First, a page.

Isabela Gamez named 2023 Don Bolles Fellow

Jan. 18, 2023

 

School of Journalism Student Isabela Gamez was named the 2023 recipient of the Don Bolles Fellowship. She started reporting on the Arizona legislature with the Arizona Mirror in early January.

 

The Arizona Mirror is an independent, nonprofit news organization that covers public policy for Arizona residents. Their mission is to educate residents on policy that will likely affect their daily lives.

 

Gamez is a Tucson local who came to the University of Arizona School of Journalism through the High School Journalism Diversity Workshop. “I remember writing this story about abortion laws, which is still relevant today,” Gamez said. “We made a newspaper, and it ended up being on the front page of the paper.”

 

Gamez was hooked on journalism after her first A1 story was published. She applied to UArizona and started her journalism career. On campus she interned for the Digital Futures Bilingual Studio, a bilingual multimedia production studio. She said the studio spurred her interest in broadcast journalism and she hopes her experience as a Bolles Fellow will lay the groundwork for a strong career in broadcast. Gamez will end her academic career majoring in journalism and double minoring in Spanish and Mexican American studies.

 

Gamez wants to pursue social justice beat reporting. She said she was front and center for the Black Lives Matter protests in 2020.

 

“I'm really excited about doing this fellowship because I'll get to see how the laws that are being put into place are affecting your average citizen,” Gamez said.

 

The Don Bolles Fellowship will provide Gamez with a housing and expenses’ stipend for the Spring 2023 semester while covering the Arizona Legislature in Phoenix. The fellowship was named after Don Bolles, an Arizona Republic investigative reporter killed by a car bomb in 1976 and is funded by the Armin and Esther Hirsch Foundation.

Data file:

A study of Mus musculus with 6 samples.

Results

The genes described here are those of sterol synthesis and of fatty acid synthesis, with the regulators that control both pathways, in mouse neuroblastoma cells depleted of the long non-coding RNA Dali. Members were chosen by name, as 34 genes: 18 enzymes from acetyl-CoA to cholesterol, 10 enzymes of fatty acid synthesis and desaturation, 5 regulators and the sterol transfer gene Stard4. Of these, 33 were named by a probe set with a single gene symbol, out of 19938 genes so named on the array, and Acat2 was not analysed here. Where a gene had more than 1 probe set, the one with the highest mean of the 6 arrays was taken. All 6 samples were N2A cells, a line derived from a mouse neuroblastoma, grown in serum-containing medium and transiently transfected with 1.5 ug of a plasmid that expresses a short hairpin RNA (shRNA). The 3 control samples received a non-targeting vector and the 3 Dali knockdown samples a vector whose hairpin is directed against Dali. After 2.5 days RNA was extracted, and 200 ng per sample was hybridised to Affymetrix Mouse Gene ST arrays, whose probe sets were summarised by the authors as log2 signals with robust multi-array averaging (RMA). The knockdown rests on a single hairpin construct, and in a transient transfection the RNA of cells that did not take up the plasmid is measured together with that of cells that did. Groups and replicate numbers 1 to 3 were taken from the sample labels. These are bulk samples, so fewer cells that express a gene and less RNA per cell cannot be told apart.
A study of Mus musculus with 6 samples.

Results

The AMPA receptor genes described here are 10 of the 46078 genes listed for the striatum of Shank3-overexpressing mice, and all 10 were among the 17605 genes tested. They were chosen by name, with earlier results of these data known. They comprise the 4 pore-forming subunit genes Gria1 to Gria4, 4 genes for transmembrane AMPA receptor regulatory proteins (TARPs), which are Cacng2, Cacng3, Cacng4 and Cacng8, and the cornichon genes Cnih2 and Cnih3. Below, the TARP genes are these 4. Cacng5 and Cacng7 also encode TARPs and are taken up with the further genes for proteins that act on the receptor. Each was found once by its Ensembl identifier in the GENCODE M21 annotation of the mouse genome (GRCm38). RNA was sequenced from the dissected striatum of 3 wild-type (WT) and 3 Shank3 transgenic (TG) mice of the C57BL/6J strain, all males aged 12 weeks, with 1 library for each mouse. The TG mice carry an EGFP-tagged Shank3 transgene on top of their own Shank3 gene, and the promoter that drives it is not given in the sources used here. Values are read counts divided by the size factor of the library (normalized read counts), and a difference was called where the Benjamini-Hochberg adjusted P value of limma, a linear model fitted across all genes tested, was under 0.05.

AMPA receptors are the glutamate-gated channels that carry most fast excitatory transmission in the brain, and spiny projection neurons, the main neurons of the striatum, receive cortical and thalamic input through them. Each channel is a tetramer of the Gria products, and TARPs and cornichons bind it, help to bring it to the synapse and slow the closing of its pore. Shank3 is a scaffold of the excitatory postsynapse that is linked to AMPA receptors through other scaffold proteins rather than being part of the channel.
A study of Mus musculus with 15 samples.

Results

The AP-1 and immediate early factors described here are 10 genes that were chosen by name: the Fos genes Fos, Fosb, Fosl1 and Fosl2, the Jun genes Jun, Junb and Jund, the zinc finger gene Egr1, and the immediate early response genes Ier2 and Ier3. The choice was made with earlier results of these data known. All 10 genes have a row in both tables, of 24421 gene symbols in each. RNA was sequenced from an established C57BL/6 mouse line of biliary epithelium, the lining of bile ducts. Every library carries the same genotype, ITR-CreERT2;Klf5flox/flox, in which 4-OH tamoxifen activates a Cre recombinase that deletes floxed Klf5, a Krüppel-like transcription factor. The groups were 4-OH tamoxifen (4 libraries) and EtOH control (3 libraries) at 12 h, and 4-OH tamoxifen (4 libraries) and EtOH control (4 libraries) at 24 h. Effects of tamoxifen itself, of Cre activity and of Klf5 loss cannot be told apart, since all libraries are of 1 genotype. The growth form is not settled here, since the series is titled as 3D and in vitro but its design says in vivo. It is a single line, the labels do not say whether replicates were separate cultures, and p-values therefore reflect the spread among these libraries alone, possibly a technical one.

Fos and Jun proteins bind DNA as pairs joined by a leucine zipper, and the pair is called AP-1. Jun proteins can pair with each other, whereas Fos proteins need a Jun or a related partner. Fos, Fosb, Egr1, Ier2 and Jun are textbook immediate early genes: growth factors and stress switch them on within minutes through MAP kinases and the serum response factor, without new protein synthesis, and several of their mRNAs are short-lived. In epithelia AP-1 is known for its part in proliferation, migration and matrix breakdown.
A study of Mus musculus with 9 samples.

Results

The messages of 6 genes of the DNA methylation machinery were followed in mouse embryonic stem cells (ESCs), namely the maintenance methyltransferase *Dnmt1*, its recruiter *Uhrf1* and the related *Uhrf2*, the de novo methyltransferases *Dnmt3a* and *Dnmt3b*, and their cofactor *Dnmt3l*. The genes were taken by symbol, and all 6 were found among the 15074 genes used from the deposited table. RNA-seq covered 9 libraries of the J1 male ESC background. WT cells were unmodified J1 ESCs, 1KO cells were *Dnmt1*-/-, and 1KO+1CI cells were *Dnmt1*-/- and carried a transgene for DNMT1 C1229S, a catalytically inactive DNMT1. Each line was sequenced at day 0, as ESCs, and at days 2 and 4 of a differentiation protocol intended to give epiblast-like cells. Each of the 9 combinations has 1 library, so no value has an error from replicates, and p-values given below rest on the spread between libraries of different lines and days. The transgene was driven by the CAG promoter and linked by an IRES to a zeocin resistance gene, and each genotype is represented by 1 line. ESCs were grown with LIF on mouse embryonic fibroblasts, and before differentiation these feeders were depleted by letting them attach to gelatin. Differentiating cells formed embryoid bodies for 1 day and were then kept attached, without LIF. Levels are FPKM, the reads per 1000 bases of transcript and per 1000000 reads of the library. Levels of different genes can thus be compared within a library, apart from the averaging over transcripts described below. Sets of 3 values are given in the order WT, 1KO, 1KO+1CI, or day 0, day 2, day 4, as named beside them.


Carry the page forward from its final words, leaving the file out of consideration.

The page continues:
Previous Bolles Fellow Gloria Gomez said her experience at the Arizona Mirror was invaluable to her as a beginning reporter. “My J-school teachers always told me not to be a stenographer, but I don't think I really understood that until I began working with the Arizona Mirror,” Gomez said.

 

Gomez continues to report for the Arizona Mirror post-fellowship. Read her new work HERE. Gomez and Gamez worked on their first story together at the Mirror last week. Read their story HERE.

 

When asked what advice Gomez would impart to Gamez, she said:

 

“I would advise Isabela not to be afraid to take on subjects that are outside of her comfort zone. In political reporting, it helps to keep track of and understand several different topics because legislators make decisions about many different areas of Arizonan's lives. Never lose sight of the everyday people new laws could potentially hurt or help; it's exciting to share the drama that happens in committees and debates, but also remember to include the voices of the real people who are affected.”

 

Gamez wrote in a text message last week that the fellowship is going well, and she was reporting on multiple stories for the Mirror.

 

“We think Gamez will continue the legacy of great reporting this fellowship has supported since 1977. We look forward to watching her grow as public affairs reporter covering one of the most important beats in the state of Arizona,” Director of Undergraduate Studies Pate McMichael said.